Wednesday, February 17, 2010

Day 98 - Feb. 16

life guard tower 26 - Ocean Park, Santa Monica, CA
trash collected for 20 minutes
2 pounds
398.9 pounds total

COMMUNITY COUNT COLLECTION: Tracy of Recycled Bride and Recycled Tyke
Day 25
.5 pounds
155.4 pounds total
Oregon is taking up the BAN THE PLASTIC BAG idea by introducing legislation to make Single Use Plastic Bags banned statewide: to read more

It is disheartening that the Plastic Bag industry is doing a great job of convincing courts, like the one in Manhattan Beach CA that just shot down 2-1 their proposed plastic bag ban, that PAPER BAGS are more harmful than plastic! There are many problems with paper too,


I get so steamed thinking about their BS machine. Did you know there is a site called:
SAVE THE PLASTIC BAG? Really? I can hardly read it.

AND earth911 is fully funder/supported and written by The American Chemistry Council!
Why you may ask? Read on.....

Going to high light a few other friends of mine who are reaching out in creative, proactive ways to the world whether through their art, jewelry, blogs.

My professor for a semester at Cal State Northridge - Lynette Henderson
- incredible muralist and proponent of Art Education for all.

My friend from High School - Liza Curtis
- mom, fierce friend, ceramicist, muralist, painter, and now jeweler

My fellow blogger and friend - Kiss My Country
- got a killer interview with Roger Bayley - Design Manager of the Olympic Athletes Village in Vancouver, and guess what? It's 100% sustainable!
I know this isn't styrofoam but this came into my inbox so I have to pass it on.

some disturbing facts about how you can't recycle the stuff:

Less than 1 percent of the 165,000 pounds of Styrofoam we use in California every year gets recycled.

Why so little? A couple main reasons:

1) Once you get food on Styrofoam, you can no longer recycle it.

2) It's 95 percent air, meaning it's bulky and expensive to ship and store -- and then you need to degas it.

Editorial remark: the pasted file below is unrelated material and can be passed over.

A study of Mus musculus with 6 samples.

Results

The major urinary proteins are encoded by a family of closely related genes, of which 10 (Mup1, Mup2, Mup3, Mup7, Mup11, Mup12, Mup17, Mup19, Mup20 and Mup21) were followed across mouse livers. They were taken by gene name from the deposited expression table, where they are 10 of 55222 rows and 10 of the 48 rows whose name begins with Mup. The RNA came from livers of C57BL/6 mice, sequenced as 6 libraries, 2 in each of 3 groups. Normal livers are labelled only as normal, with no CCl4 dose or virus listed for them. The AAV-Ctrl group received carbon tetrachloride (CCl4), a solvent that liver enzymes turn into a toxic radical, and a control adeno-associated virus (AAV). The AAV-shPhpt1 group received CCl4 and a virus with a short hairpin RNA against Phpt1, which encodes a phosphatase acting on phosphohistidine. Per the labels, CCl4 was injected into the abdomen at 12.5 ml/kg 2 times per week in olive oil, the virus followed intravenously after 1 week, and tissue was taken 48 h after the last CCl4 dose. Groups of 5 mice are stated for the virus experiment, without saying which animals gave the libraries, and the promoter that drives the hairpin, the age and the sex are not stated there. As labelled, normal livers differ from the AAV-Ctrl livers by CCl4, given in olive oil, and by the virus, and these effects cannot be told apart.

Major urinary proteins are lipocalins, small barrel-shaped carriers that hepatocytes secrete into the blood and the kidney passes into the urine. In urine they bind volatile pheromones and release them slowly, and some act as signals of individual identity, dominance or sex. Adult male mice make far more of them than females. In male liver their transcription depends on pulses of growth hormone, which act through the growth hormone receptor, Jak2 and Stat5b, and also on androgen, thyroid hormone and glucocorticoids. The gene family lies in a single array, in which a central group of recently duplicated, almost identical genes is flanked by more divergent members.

3) Processed, recycled Styrofoam yields a low-grade substance which isn't really much good for anything.

4) Very few facilities actually have the equipment to recycle Styrofoam in California.



"What we have now is: out of sight, out of mind + hope for the best = back to the mall to consume some more.

Why is it our duty to "recycle" waste at all? Who makes the decision to create all this junk? Do you choose how your printer is packaged? Do you choose how your coca cola is bottled? Some make a profit by shoving that waste into our households, to the detriment of all. And then we need to worry about "recycling", cleaning up or banning that stuff.

How come producers are not resposible for the end life of their products? That should be a part of the product design an cost analysis.

I think it is really dangerous is to go on without asking the big questions.

Another big question would be what recycling means. For me recycling is when you turn something into something similar. One bottle into another bottle, one can into another can, etc. You know that none of that happens with the "good plastics" that now get "recycled". We are calling it "recycling" when we mean "recovering" and the best that can happen to a tiny percentage of what gets recovered is that it gets turned into... different items like
plastic lumber, fill, fleece.. which will end up in landfill anyway at some point.

So.... if we should ban styrofoam because it's not recycled..... How about all plastic? How about all
plastic bags? How about all toothbrushes? How about bubble wrap? How about milk cartons? Etc, etc etc

Recycling of plastics is a myth, designed to perpetuate a business built around the generation of waste." - Manuel Maqueda, Plastic Pollution Coalition, The BlooSee and Manuel Maqueda.

Help fight with the Sierra Club to gain protected habitat for our endangered Beluga Whales. They only need 300 more signatures!! SIGN HERE
Tracy came to meet me for a joint cleanup on Tues.. I had a lot of fun meeting someone else who lives in Santa Monica working towards sustainability in their own way.
We covered many topics on our walk as we bent to collect the usual plastics, STRAWS, and odds and ends (mostly plastic).

One part of our conversation sticks out to me that I want to share. We discussed how if you want to reach people with awareness about environmental issues that need to be addressed that it is counterproductive to approach them with any thing but kindness. People all have their own journey, so it is important to reach out to them wherever they are on the "green" continuum in a way that doesn't make them feel shame, or become defensive of their life style.

Like minds unite! Thanks Tracy - Looking forward to next time.